Elpinice

Elpinice (, Flourished c. 450 BC ancient Greece) was a noble woman of classical Athens.wikipedia

Miltiades the YoungerMilitiades the YoungerMiltiades II
She was the daughter of Miltiades, tyrant of the Greek colonies on the Thracian Chersonese, and half sister of Cimon, an important Athenian political figure.
His daughter Elpinice is remembered for her confrontations with Pericles, as recorded by Plutarch.

Cimon

KimonCimon of AthensCimon/Kimon
She was the daughter of Miltiades, tyrant of the Greek colonies on the Thracian Chersonese, and half sister of Cimon, an important Athenian political figure.
As the head of his household, he also had to look after his sister or half-sister Elpinice.

Incest

incestuousincestuous relationshipincestual
Greek law allowed marriage between a brother and sister if they had different mothers.
For example, some accounts say that Elpinice was for a time married to her half-brother Cimon.

Classical Athens

AthensAthenianAthenians
Elpinice (, Flourished c. 450 BC ancient Greece) was a noble woman of classical Athens.

Gallipoli

Gallipoli PeninsulaThracian ChersoneseChersonese
She was the daughter of Miltiades, tyrant of the Greek colonies on the Thracian Chersonese, and half sister of Cimon, an important Athenian political figure.

Plutarch

Lucius Mestrius PlutarchusLucius Mestrius Plutarchus,Plut.
She is known from Plutarch's life of Pericles where she appears twice in political confrontations with the Athenian statesman.

Pericles

PericleanPeriklesPericlean Athens
She is known from Plutarch's life of Pericles where she appears twice in political confrontations with the Athenian statesman. When the people of the island of Samos revolted against Athenian rule, Pericles pursued a war against them and punished them by demolishing their city walls, confiscating their ships and forcing them to pay a large fine.

Callias II

Callias
Some accounts say that Elpinice was for a time married to her brother, but was later given as a bride to Callias, one of the richest men in Athens, who had fallen in love with her.

Alexander I of Macedon

Alexander IAlexanderAlexander I, king of Macedonia
When Cimon was charged with treason for taking bribes from Alexander I, king of Macedonia, she negotiated his acquittal with Pericles.

Samos

Samos IslandSamianSamians
When the people of the island of Samos revolted against Athenian rule, Pericles pursued a war against them and punished them by demolishing their city walls, confiscating their ships and forcing them to pay a large fine.

Phoenicia

PhoeniciansPhoenicianPhoenicio
Rather than celebrate the victory Elpinice was a lone voice who pointed out that it was won over Athens' own people rather that against her true foreign enemies such as the Phoenicians or Medes.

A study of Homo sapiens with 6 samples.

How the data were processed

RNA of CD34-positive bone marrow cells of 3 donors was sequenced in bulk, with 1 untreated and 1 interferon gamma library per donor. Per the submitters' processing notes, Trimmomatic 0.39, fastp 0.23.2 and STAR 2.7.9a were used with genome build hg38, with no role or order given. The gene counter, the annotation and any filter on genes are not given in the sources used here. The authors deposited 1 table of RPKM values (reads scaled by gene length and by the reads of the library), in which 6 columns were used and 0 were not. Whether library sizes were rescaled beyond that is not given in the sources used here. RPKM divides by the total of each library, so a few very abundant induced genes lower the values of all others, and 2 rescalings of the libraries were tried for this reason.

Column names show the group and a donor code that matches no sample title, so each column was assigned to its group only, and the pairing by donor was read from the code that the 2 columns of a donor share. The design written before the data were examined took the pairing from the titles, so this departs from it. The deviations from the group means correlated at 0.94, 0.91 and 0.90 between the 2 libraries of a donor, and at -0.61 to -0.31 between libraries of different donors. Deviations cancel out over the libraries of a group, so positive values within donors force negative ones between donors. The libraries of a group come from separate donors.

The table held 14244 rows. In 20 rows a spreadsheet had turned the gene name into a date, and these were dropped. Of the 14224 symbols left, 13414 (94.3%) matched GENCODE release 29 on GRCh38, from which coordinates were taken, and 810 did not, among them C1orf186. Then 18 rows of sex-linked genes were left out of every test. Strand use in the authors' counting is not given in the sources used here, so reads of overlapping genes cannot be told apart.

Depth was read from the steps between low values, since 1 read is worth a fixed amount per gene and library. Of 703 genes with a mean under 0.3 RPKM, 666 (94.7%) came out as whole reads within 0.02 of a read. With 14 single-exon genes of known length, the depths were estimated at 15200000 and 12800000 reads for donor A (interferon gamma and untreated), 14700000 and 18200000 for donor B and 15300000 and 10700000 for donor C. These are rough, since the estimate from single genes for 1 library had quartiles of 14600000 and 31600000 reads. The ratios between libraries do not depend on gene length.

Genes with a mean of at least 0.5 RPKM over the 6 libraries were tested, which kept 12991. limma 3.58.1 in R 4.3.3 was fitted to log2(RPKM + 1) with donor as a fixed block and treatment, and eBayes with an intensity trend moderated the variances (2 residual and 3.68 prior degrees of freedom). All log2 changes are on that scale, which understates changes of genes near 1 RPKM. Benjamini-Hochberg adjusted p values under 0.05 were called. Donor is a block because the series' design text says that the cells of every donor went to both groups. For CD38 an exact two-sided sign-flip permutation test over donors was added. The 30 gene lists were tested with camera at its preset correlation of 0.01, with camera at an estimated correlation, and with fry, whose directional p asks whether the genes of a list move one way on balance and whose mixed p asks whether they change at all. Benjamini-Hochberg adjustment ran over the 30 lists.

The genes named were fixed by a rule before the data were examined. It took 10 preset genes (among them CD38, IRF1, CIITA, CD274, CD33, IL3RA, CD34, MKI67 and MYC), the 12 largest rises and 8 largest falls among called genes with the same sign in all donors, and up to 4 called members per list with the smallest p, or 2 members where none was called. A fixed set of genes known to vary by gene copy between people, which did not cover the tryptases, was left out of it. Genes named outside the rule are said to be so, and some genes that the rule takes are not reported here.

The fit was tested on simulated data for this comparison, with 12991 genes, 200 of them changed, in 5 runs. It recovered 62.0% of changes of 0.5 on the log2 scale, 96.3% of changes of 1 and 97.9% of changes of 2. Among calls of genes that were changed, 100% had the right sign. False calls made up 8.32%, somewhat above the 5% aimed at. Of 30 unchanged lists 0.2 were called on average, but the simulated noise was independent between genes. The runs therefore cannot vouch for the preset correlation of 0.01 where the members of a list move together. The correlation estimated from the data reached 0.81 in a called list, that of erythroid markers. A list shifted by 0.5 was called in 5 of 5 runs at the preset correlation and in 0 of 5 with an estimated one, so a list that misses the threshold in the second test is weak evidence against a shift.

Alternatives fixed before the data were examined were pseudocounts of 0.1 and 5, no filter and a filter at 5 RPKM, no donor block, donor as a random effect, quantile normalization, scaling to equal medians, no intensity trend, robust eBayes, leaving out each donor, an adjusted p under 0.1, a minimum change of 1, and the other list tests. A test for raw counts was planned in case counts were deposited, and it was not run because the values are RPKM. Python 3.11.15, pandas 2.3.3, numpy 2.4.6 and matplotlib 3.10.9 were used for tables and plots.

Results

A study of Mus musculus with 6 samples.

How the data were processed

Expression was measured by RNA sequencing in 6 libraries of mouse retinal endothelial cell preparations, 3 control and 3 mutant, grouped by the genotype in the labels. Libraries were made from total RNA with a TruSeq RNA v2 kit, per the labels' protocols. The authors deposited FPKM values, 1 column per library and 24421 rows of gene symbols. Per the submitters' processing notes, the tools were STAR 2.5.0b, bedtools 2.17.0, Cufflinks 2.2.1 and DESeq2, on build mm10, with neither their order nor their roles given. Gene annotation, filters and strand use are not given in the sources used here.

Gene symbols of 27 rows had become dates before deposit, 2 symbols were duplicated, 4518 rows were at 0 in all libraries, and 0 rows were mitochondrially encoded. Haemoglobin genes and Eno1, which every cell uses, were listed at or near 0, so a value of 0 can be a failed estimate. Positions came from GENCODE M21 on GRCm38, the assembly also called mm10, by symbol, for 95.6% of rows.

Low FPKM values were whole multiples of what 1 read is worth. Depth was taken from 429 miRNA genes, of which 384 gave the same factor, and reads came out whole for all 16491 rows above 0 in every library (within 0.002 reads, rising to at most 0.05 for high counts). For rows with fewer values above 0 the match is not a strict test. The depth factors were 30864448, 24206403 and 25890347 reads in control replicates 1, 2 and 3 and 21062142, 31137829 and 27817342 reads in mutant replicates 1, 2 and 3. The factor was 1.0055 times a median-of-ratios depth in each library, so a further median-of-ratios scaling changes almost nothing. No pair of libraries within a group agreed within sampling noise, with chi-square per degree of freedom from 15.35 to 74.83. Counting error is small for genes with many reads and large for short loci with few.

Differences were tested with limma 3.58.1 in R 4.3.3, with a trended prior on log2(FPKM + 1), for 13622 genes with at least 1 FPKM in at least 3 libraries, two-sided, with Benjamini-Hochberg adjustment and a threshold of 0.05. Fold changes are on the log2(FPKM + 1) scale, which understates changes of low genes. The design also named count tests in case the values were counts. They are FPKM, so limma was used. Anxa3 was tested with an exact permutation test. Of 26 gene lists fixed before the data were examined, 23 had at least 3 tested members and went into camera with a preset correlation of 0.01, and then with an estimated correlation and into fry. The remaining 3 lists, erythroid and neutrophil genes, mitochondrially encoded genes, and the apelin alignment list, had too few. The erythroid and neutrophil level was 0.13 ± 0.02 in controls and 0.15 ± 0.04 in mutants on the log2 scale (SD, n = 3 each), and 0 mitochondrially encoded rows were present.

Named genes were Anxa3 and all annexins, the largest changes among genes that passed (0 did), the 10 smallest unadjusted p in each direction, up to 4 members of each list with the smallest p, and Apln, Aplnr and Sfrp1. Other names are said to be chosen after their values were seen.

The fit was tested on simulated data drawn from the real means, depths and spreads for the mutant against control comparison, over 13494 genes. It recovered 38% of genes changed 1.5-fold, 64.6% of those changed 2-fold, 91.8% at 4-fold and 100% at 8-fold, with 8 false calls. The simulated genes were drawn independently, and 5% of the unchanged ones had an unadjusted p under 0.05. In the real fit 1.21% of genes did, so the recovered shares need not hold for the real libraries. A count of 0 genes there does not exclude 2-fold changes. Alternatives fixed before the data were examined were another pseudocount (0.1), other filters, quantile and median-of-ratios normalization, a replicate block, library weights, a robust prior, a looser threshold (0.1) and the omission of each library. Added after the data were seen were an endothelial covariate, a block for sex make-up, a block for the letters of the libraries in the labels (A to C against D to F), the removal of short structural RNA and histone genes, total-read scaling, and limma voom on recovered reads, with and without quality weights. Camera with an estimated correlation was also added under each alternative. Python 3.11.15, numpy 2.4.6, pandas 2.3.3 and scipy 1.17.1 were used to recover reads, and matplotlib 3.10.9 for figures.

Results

Medes

MediaMedianMedian Empire
Rather than celebrate the victory Elpinice was a lone voice who pointed out that it was won over Athens' own people rather that against her true foreign enemies such as the Phoenicians or Medes.

Polygnotus

PolygnotosPolygnotos of ThasosPolygnotan
She was a lover to the artist Polygnotus of Thasos who used her features in his work depicting the Trojan woman Laodice.

Thasos

ThassosThasianThasians
She was a lover to the artist Polygnotus of Thasos who used her features in his work depicting the Trojan woman Laodice.

Troy

TrojanTrojansIlium
She was a lover to the artist Polygnotus of Thasos who used her features in his work depicting the Trojan woman Laodice.

Laodice (daughter of Priam)

Laodice
She was a lover to the artist Polygnotus of Thasos who used her features in his work depicting the Trojan woman Laodice.

Herodes Atticus

Lucius Vibullius Hipparchus Tiberius Claudius Atticus Herodes or Herodes AtticusLucius Vibullius Hipparchus Tiberius Claudius Atticus HerodesClaudius Herodes Marathonius
His ancestry could be traced to the Athenian noblewoman Elpinice, a half-sister of the statesman Cimon and daughter of Miltiades.

Claudia Tisamenis

Her ancestry can be traceable to the Athenian noble woman Elpinice (a half sister of statesman Cimon and daughter of politician Miltiades the Younger).

Women in Classical Athens

Athenian womenwomen in Athens
A dowry may have been occasionally overlooked if a bride's family connections were very favorable; Callias reportedly married Elpinice, a daughter of the noble Philaidae, to join that family and was sufficiently wealthy that her lack of a dowry did not concern him.

Marriage in ancient Greece

Ancient Greek wedding customsAthenian custom of arranged marriageGreeks
Thus brothers were permitted to marry even with sisters, if not homometrioi or born from the same mother, as Cimon did with Elpinice, though a connection of this sort appears to have been looked on with abhorrence.

Philaidae

Philaid
He was acquitted on a charge of bribery largely through the efforts of his half-sister Elpinice.